How to Deal With the Office Gossip
We spend most of our waking hours at work, so it’s only natural to make friends at the office. Those relationships can also be beneficial. In addition to the obvious productivity benefits of getting along with folks on your team, there’s also something to be said for networking while you’re on the clock. Eventually, you and your colleagues will move on to other jobs, and when you do, your strong ties might help you both find new opportunities.
That said, there’s a potential downside to getting too close to your coworkers: it’s all too easy to grant your colleagues more trust than they might have earned. This is particularly a problem when you work with people who have a tendency to gossip.
Office gossips are dangerous to your career. By luring you in with tidbits of news and opinion, they can convince you to work against your own best interests. Worse, there’s no telling when they’ll turn on you, and present your conversation as your sole opinion. Bottom line: someone who gossips about others to you will do the same in reverse.
It’s hard to put a stop to scuttlebutt, even if you’re in charge. Your best bet is to protect yourself:
Don’t fall for a false sense of intimacy.
“We stimulate a market for gossip because we prize four illusory benefits,” writes Joseph Grenny at Harvard Business Review:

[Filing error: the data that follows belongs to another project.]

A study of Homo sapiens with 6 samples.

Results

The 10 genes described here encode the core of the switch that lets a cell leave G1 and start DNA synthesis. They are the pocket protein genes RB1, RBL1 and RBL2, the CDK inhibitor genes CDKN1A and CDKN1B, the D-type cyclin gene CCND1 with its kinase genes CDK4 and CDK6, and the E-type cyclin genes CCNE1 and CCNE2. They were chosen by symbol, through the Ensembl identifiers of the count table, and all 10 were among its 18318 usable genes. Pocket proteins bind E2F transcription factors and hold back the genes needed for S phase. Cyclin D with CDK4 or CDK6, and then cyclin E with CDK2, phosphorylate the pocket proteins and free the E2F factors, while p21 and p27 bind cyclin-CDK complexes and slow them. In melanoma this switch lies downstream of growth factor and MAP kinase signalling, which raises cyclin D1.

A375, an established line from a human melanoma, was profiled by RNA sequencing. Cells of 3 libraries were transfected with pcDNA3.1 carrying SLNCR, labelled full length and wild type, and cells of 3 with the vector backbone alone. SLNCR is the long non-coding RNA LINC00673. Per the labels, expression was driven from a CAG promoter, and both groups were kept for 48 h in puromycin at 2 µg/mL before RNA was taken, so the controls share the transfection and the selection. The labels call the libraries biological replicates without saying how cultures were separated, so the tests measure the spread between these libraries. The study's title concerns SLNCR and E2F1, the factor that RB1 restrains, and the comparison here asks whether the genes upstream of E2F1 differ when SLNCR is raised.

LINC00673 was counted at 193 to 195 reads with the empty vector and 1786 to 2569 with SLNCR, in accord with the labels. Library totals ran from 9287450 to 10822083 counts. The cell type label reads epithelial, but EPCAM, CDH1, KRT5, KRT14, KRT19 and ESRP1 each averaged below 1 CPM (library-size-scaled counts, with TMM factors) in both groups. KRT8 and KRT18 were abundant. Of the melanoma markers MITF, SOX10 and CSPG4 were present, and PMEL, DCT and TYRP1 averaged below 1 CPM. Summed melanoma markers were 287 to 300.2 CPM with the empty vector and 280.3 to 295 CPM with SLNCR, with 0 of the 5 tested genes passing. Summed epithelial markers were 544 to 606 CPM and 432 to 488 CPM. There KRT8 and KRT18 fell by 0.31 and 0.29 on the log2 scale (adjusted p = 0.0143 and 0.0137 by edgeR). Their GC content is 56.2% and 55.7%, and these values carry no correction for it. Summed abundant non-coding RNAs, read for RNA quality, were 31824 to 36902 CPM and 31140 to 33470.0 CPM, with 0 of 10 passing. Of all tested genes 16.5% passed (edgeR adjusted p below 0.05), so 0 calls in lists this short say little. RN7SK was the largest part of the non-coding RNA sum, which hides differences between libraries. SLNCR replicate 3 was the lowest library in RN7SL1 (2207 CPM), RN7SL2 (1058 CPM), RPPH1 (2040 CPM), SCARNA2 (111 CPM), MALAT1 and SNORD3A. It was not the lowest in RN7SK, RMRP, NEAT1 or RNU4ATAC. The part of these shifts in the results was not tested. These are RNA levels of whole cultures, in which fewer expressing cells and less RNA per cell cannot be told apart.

Status. Access to gossip confers social status — we feel we are part of a privileged group who’s “in the know.”
Intimacy. It creates the illusion of intimacy between the sharer and the recipient. Our mutual secret creates a collusion that feels like connection.
Trust. The passing of illicit information is always accompanied by an explicit or implied request for confidentiality. Karen’s colleague’s unstated demand was that she not tell the boss he passed this to her. This creates a suspect feeling of trust between the two.
Accuracy. Because we crave the illusory status and credibility gossip carries, we have an incentive to endow it with greater credibility. We want to believe it.
Don’t fall for these illusions. Someone who tells you stories about another person isn’t necessarily doing so because they trust you or hold you higher esteem. You might just be in the right place at the right time. In any case, there’s no way to tell what they’re saying about you to others on the team.
Don’t say anything privately that you wouldn’t say publicly.
“If you tell the truth, you don’t have to remember anything,” Mark Twain once reminded us. And if you don’t participate in gossip, it can never come back to bite you.
As a general rule, it’s wise not to say anything to one team member that you wouldn’t reveal to all of them. Secrecy can be used against the secret-keepers.
Set boundaries for yourself, and enforce them with your behavior.
The most important thing is to set boundaries for yourself, and stick to them. Don’t participate in gossip, and eventually, people will stop trying to make you. Eventually, the issue will resolve itself … or become other people’s problem. Either way, you’ll be secure in the knowledge that you stayed above the fray.